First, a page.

Supreme Court of New York, Second Department

June 26, 2013

In the Matter of Ankica Konstatine, appellant,
v.
Rade Konstatine, Jr., respondent. Docket No. O-4211-12

Rayaaz N. Khan, Jamaica, N.Y., for appellant.

REINALDO E. RIVERA, J.P., PETER B. SKELOS, CHERYL E. CHAMBERS, LEONARD B. AUSTIN, JJ.

DECISION & ORDER

In a family offense proceeding pursuant to Family Court Act article 8, the petitioner appeals from an order of the Family Court, Queens County (Jolly, J.), dated April 16, 2012, which, after a hearing, denied the petition.

ORDERED that the order is reversed, on the facts, without costs or disbursements, the petition is granted, and the matter is remitted to the Family Court, Queens County, for the entry of an appropriate order of protection.

The petitioner commenced a family offense proceeding against her step-grandson, alleging that he committed the family offenses of, inter alia, assault in the third degree, harassment in the second degree, and disorderly conduct. After a hearing, the Family Court determined that the petitioner had failed to meet her burden of proof as to these offenses, and denied the petition.

A family offense must be established by a fair preponderance of the evidence (see Family Ct Act § 832; Matter of Scanziani v Hairston, 100 A.D.3d 1007; Matter of Pearlman v Pearlman, 78 A.D.3d 711, 712). "The determination of whether a family offense was committed is a factual issue to be resolved by the Family Court, and that court's determination regarding the credibility of witnesses is entitled to great weight on appeal and will not be disturbed if supported by the record" (Matter of Richardson v Richardson, 80 A.D.3d 32, 43-44; see Matter of Winfield v Gammons, 105 A.D.3d 753; Matter of Clarke-Golding v Golding, 101 A.D.3d 1117).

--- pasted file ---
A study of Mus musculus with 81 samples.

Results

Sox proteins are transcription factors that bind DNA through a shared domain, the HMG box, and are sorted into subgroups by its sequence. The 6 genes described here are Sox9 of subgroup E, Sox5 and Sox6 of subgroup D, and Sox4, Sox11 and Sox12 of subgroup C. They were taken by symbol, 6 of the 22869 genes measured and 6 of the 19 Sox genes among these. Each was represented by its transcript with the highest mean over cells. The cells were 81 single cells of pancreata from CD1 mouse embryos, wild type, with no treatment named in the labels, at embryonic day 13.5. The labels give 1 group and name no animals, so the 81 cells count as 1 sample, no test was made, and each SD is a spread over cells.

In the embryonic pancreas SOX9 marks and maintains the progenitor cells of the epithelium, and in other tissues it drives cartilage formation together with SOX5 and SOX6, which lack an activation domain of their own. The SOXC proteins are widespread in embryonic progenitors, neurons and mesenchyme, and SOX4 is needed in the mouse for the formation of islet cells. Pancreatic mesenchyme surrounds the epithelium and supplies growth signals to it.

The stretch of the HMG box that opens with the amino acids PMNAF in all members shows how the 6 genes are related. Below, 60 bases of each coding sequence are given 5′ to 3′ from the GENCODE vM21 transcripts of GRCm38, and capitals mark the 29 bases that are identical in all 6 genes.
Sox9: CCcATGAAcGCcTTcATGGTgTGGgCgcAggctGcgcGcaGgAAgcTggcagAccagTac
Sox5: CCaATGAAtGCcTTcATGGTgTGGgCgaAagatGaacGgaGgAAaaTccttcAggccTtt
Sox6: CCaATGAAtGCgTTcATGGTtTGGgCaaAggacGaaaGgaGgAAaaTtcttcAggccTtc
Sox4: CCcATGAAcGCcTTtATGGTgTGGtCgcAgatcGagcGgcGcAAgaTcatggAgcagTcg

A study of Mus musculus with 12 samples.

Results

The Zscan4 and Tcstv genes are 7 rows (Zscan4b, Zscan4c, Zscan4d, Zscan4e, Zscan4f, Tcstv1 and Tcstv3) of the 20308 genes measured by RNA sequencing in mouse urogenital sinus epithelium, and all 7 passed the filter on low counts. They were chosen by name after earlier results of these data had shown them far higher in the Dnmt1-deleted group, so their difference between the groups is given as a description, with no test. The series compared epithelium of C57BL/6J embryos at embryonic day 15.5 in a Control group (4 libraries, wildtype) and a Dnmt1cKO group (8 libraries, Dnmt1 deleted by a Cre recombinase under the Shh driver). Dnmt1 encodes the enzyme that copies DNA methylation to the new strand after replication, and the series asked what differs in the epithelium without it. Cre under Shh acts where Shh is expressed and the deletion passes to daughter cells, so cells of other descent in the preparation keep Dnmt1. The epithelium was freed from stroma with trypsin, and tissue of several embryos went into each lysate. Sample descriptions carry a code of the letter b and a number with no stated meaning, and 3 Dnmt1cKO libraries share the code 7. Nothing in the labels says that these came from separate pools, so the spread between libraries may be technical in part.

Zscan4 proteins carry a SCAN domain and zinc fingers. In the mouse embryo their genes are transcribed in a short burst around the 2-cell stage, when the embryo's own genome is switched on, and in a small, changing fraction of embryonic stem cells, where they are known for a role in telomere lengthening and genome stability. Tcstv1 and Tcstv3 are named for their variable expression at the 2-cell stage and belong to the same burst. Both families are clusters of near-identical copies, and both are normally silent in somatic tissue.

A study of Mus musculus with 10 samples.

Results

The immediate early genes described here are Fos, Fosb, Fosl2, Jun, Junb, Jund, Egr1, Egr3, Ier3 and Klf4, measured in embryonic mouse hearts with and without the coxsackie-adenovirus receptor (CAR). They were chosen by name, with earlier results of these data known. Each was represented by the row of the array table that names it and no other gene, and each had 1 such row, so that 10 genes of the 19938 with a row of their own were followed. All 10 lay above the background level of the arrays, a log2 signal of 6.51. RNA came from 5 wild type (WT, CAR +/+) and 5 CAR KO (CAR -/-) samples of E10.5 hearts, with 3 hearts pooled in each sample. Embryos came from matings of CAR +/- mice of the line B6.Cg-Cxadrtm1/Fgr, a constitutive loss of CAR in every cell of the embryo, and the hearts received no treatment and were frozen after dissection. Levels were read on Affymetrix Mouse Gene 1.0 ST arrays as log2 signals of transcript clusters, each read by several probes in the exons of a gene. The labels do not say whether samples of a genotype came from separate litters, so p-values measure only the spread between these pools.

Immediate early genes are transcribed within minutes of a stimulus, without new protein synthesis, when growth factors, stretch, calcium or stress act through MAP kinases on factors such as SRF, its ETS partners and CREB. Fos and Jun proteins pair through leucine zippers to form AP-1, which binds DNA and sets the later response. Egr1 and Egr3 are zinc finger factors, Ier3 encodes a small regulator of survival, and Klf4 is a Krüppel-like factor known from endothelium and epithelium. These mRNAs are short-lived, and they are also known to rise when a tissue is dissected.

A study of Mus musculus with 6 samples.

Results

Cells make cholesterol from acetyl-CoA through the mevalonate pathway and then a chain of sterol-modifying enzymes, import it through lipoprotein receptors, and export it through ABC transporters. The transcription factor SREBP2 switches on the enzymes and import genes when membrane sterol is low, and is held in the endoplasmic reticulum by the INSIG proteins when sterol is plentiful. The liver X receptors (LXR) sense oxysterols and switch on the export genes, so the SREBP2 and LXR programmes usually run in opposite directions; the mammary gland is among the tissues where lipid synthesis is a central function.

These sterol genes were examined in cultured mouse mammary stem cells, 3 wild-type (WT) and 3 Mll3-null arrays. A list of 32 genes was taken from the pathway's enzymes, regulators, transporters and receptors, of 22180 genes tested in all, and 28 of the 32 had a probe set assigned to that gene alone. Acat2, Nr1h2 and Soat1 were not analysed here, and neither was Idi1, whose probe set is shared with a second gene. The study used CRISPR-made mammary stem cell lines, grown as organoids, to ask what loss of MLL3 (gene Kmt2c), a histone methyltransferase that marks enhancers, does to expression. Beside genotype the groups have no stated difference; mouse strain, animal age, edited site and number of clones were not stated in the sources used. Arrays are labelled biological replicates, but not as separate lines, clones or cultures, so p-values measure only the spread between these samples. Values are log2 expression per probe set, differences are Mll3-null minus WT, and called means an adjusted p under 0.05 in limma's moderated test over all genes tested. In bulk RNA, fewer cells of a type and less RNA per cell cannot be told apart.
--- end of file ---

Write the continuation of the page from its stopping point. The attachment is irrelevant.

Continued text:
Here, while the Family Court properly concluded that the petitioner failed to establish the family offenses of assault in the third degree (see Penal Law §§ 10.00[9]; 120.00), and disorderly conduct (see Penal Law § 240.20), the record does not support the Family Court's determination that the petitioner failed to prove the family offense of harassment in the second degree. In order to establish that the respondent committed that offense, the petitioner was required to show that "with the intent to harass, annoy or alarm" her, the respondent struck, shoved, kicked or otherwise subjected her to "physical contact" or attempted or threatened to do so (Penal Law § 240.26). The credible evidence demonstrated that the respondent, whose father owned the petitioner's apartment, came to the petitioner's apartment in his capacity as his father's employee, and demanded that she vacate the apartment for failure to pay rent. When the petitioner refused, and threatened to call the police, the respondent shoved the petitioner, causing her to fall backwards onto the floor. Thus, the evidence demonstrated that the respondent shoved the petitioner with the intent to alarm her, so as to encourage her to vacate the apartment as he demanded (see generally Lynn v State of New York, 33 A.D.3d 673, 674; cf. Matter of Cavanaugh v Madden, 298 A.D.2d 390).

Accordingly, the family offense petition should have been granted, and we remit the matter to the Family Court, Queens County, for the entry of an appropriate order of protection.

RIVERA, J.P., SKELOS, CHAMBERS and AUSTIN, JJ., concur.